PAGCOR losing gaming business
PAGCOR’s shift is part of the agency’s goal to level the playing field and ensure future growth and viability for all industry players
State gaming firm Philippine Amusement and Gaming Corp., or PAGCOR, is transitioning towards a pure regulatory body from its current dual role as industry operator and regulator, the agency’s chairperson and CEO Alejandro Tengco said.
Tengco estimates that process of selling off all its gaming operations will be completed by 2025.
PAGCOR has eyed an initial P3.6 billion to P4 billion investment in Maharlika Investment Fund. State-owned Development Bank of the Philippines and Land Bank of the Philippines have delivered a total P75 billion to the fund.
Tengco during the opening session of the IAG Academy Summit on 13 September at Hilton Manila gave the keynote address and later was a panelist in a forum called “Voice of the Umpire: Regulators’ Talk.”
According to Tengco, PAGCOR’s shift is part of the agency’s goal to “level the playing field and ensure future growth and viability for all industry players.”
“We have started preparing for this transition in earnest, and we are starting where it matters most — within PAGCOR itself,” he said.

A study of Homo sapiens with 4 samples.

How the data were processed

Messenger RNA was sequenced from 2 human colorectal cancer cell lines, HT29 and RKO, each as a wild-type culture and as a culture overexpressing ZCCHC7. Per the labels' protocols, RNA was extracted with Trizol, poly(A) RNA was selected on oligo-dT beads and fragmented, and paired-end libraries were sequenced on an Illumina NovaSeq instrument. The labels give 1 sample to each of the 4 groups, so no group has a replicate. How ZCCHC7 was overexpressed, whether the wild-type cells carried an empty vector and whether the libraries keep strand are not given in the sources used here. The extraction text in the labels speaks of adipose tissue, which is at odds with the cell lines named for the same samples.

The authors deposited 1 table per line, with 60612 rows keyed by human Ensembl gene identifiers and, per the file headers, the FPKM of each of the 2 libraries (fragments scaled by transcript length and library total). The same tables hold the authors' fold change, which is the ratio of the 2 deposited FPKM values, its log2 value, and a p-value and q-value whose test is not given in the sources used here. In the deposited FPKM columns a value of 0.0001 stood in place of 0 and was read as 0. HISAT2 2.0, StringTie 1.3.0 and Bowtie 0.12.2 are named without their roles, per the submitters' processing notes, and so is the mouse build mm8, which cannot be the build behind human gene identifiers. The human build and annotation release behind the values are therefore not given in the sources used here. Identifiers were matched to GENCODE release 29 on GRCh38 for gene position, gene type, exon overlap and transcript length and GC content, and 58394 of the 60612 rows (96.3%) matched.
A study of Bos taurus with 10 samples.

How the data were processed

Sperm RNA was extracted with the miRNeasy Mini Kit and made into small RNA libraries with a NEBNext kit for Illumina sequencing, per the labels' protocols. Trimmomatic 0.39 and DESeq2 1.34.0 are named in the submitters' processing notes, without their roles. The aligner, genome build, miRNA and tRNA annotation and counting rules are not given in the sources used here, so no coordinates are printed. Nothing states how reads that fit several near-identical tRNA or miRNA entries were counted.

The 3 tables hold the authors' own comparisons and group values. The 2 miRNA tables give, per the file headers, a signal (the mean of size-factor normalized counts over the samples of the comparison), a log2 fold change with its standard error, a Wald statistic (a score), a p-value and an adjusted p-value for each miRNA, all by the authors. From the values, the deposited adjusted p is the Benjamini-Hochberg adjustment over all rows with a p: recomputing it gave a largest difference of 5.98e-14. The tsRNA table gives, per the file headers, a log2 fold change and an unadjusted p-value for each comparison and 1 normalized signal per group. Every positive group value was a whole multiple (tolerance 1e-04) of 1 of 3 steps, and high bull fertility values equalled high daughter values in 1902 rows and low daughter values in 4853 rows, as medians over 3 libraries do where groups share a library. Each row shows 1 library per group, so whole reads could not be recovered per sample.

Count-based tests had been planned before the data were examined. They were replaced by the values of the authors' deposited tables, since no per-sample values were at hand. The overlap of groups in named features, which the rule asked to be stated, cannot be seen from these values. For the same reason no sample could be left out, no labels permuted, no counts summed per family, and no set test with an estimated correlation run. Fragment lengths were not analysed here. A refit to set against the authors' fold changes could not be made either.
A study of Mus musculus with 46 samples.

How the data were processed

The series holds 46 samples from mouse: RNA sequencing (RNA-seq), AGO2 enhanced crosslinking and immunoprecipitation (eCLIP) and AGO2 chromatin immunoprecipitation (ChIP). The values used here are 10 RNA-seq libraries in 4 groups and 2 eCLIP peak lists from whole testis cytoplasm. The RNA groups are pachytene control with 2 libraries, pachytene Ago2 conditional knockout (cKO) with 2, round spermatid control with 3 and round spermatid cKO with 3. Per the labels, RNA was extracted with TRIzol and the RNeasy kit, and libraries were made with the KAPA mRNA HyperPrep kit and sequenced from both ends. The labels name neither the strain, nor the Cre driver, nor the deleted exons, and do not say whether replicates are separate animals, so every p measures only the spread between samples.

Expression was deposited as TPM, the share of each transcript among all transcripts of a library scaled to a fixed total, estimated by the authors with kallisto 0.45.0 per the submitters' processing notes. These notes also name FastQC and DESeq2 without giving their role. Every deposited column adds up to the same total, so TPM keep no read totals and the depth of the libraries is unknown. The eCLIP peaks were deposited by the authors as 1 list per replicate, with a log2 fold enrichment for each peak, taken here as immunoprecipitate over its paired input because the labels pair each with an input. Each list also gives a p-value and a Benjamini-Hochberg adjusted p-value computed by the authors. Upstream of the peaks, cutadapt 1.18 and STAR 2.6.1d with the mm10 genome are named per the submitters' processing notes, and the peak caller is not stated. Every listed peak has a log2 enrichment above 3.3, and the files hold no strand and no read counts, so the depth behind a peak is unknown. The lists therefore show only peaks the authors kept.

Tengco said that as a 40-year organization, PAGCOR knows its strengths and is aware of its limitations.
“We certainly know our potentials and capability to become the gold standard in the Asian gaming scene,” he said.
He said PAGCOR recognizes its people as its greatest asset but the shift to a purely regulatory role could impact some employees, thus the crafting of plans to avoid displacement especially in PAGCOR-operated casinos that will need to be privatized.
“We have been going around the country during the past few months, holding town hall meetings with our employees,” he said. “We tell them there is no reason to worry because we have plans in place to mitigate, if not totally avoid, any personnel displacement.”
“You will be surprised to know how people react to our plans, and how they express their trust in our process,” Tengco said.
The PAGCOR chief said the agency is also “making necessary changes in its corporate structure, business processes and procedures to make it more responsive and competitive.”
Transition plans include moving into a single corporate office to enhance coordination, efficiency and performance as well as modernizing existing casinos to attract more players and make PAGCOR’s assets more attractive to potential buyers.
Tengco told the summit audience, which includes regulators from the Asia-Pacific region, that PAGCOR has also recently implemented new regulations for international gaming licensees to lessen, if not eliminate, illegal activities.